Small Business Spotlight | Wetlands Studies and Solutions, Inc.
What may appear to the untrained eye as commonplace swamps are actually important wetlands that serve as rich habitats for “breeding and feeding” thousands of unique plants and animals.
Wetlands are important for a number of reasons, says Bob Kerr, director of the Hampton Roads Division of Wetlands Studies and Solutions, Inc. (WSSI). Along with environmental program managers Mark McElroy and Curtis Hickman, Kerr leads a team of a dozen scientists, engineers and other specialists at the local office of the leading environmental and cultural resources consulting firm in the mid-Atlantic region. WSSI, located in Virginia Beach, is one of five offices across the state, and several locations in Maryland, Florida and North Carolina. The company, founded in 1991, has a staff of more than 200 people.
“Wetlands help filter surface and groundwater and buffer erosion along coastlines,” Kerr says. “They store floodwaters naturally, so they help alleviate flooding.” Wetlands also serve as large sponges that soak up carbon, phosphorus and other nutrients that are harmful to the environment, “and some of them hold and bind up hazardous, heavy metals.”
Wetlands that affect the biological, physical or chemical characteristics of major bodies of water have been protected by the federal government since the passage of the 1972 Clean Water Act. This law brought waters back to life by turning rivers, lakes and marshes from dumping grounds into healthy waterways again. Virginia and several other states have their own water protection legislation, expanding protection to state waters.
“Our experts work with both the public and private sectors to provide innovative solutions to balance environmental protection and land use goals,” Kerr says. Meeting the demands of the challenging federal and state regulations requires specific expertise in the field.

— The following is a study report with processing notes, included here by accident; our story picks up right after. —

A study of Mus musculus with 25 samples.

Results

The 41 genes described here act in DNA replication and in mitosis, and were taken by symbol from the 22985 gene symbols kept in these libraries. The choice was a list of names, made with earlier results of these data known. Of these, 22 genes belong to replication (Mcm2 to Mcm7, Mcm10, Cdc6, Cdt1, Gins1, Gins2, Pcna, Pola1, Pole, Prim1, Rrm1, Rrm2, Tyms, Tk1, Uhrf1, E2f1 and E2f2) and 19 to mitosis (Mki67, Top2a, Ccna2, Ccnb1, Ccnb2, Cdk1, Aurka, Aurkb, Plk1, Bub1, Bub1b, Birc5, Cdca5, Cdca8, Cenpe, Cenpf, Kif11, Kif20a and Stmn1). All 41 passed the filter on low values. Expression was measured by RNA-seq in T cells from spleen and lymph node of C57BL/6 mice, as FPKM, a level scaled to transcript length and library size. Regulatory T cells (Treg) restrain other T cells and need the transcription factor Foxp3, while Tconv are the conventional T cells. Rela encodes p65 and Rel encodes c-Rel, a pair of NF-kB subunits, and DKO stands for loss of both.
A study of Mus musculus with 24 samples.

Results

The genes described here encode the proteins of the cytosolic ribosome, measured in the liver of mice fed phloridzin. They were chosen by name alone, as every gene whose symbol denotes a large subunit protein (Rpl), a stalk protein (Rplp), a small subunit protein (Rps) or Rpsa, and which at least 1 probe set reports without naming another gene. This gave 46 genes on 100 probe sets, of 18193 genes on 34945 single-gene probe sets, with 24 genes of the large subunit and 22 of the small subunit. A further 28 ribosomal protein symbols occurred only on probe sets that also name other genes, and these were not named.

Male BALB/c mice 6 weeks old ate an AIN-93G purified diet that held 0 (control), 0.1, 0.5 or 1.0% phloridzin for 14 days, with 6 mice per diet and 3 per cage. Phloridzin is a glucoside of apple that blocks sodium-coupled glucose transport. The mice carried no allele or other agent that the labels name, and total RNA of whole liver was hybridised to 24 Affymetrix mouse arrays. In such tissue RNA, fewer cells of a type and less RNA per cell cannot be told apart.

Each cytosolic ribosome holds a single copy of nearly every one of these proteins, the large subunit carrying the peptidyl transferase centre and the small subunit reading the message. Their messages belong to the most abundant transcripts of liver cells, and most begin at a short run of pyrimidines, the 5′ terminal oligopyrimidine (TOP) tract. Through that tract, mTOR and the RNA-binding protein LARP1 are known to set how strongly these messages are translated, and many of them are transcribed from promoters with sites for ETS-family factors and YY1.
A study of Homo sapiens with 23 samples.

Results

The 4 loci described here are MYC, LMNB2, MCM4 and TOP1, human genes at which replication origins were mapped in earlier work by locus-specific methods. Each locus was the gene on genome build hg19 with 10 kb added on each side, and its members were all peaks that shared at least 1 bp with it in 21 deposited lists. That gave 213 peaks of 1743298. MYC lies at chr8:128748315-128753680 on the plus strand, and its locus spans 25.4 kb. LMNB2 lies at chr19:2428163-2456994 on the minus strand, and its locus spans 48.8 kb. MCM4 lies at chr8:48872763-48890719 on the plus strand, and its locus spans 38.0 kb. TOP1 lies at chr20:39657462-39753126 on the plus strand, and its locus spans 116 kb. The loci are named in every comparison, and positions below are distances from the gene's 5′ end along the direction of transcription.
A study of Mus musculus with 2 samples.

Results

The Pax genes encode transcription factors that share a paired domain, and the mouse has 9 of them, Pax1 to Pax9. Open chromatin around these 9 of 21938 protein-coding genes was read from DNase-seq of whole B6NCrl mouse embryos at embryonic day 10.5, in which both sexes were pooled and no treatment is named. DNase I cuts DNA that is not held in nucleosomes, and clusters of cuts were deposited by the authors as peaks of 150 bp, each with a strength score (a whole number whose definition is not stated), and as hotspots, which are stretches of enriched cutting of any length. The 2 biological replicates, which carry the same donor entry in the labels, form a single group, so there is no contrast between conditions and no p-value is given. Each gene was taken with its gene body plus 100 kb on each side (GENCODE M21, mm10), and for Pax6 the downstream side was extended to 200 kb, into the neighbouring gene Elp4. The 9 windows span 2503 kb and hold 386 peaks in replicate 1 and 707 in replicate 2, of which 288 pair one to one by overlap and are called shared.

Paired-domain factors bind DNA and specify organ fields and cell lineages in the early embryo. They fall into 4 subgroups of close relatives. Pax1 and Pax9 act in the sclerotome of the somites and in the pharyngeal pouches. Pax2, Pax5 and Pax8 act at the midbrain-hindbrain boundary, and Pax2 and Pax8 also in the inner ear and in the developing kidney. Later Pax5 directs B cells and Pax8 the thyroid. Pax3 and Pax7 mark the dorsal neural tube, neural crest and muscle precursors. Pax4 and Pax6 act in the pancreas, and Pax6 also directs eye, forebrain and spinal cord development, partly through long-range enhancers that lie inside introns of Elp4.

The Coastal Virginia region has an abundance of wetlands, many of which would surprise people, he says. Wetlands have several distinct characteristics, and the federal definition of wetlands requires that they meet technical criteria in three areas: groundwater levels, a particular soil chemistry (anaerobic soils) and a prevalence of wetland plants. “If you dig a hole in the ground in many areas of Hampton Roads, you’ll find groundwater within a foot of the surface at certain times of the year and you’ll find an assemblage of plants that might be common to the average person, such as red maple, loblolly, holly and pine trees and blueberry, but which in many circumstances may be indications that a wetland exists because these plants occur in environments with hydric soils. Ultimately these areas may be subject to regulation,” Kerr explains.
WSSI not only performs wetlands consulting, it also advises organizations on issues such as threatened and endangered species of plants and animals, environmental compliance, archaeological/cultural resources, stormwater management and hazardous materials. The company assists clients in obtaining local, state and federal permits for land developers, builders and public works agencies to balance environmental protection and land use goals. It also prepares environmental impact statements in compliance with the National Environmental Policy Act (NEPA).
WSSI will, if necessary, supervise the remediation of any problems found during an assessment. This may include creating wetlands in areas where they didn’t previously exist and making them function as optimally as possible. Often this is accomplished through the applicant purchasing “wetland mitigation credits” from mitigation banks created by third parties.
The company has worked on governmental projects including conducting a statewide culvert inventory and condition assessment for the Virginia Department of Transportation (VDOT), stream restoration at Arlington National Cemetery and environmental studies for the Virginia Department of Military Affairs.
WSSI has won many awards and accolades for its work, including the David Pearson Award for the City of Virginia Beach Mill Dam Creek stream restoration project. The company restored the stream to help reduce pollutant loads and connect the stream back to its floodplain.